There are uncanny parallels between colonial protests against the Stamp Act and last week's website blackouts protesting the Stop Online Piracy Act.
Last week's protests against two bills aiming to curb copyright infringement and piracy on the Internet were jarringly familiar to scholars of the American Revolution. After all, we've seen this narrative before. In seeking to solve a problem, legislators propose a bill that directly affects the flow of information. Those whose businesses would bear the brunt of the laws see it as a direct assault and mobilize in opposition. The public responds to the rhetoric, rallying behind the call to prevent censorship and protect the free exchange of information. The government backs down in the face of the outcry, but promises to revisit the underlying issues. That description of the Internet protests of 2012 echoes in unnerving detail the Stamp Act crisis of 1765, the moment when dissent against imperial control morphed into a Revolutionary movement.
The Stamp Act crisis started with a problem that had little to do with communications. At the end of the Seven Years' War in 1763, Britain faced a fiscal crisis and an unstable political environment. It had amassed enormous debt to defeat France, and the fallout sank one ministry after another in the early 1760s. Exacerbating the political situation, King George II had died in 1760 and left the throne to his young grandson, George III. Seeking an answer to the vexing financial problems, George Grenville, the Chancellor of the Exchequer, devised a plan in 1764 to tax the colonies, which had benefitted greatly from British success in ejecting France from North America.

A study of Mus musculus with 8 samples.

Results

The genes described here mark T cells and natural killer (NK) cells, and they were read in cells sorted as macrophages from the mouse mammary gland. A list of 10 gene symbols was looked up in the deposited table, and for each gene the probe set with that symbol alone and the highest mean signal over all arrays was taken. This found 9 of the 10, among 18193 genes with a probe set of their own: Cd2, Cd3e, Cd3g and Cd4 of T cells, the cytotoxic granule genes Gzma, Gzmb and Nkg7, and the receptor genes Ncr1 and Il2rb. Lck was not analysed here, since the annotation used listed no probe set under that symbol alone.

The result was the Stamp Act of 1765, which taxed all printed documents, including not only almanacs, newspapers, and books, but also blank forms used in commercial and legal proceedings, playing cards, and even dice. Grenville reasoned that colonists would accept the tax: they paid the lowest taxes in the British Empire, they had gained greatly from the British victory, and they should be asked to contribute to paying both for the cost of the war and for the force that remained. Furthermore, the British printing trade had operated under a stamp act since 1712, and several colonies--most notably New York and Massachusetts--had funded their own soldiers in the 1750s through temporary stamp taxes.
What British officials did not anticipate was that American printers, like Internet entrepreneurs today, viewed the Act as a direct assault on their businesses, and many other colonists saw it as censorship and an attempt to shut down political debate. After initially trying to make money off the Act's arrival in the colonies (many sold copies as a pamphlet for a shilling), printers took to the vanguard of protest. Nearly all, even those inclined to be supportive of imperial policies, opposed the law, fearful of how the added cost of the tax would harm their sales. Many turned their publications into vehicles of dissent, publishing essays and letters detailing the alleged constitutional and moral flaws of the Act and chronicling and dramatizing the street protests that ravaged cities from Boston to Savannah. A few, most notably Benjamin Edes in Boston and William Bradford in Philadelphia, became leaders of the Sons of Liberty, the intercolonial protest group that emerged during the fall of 1765.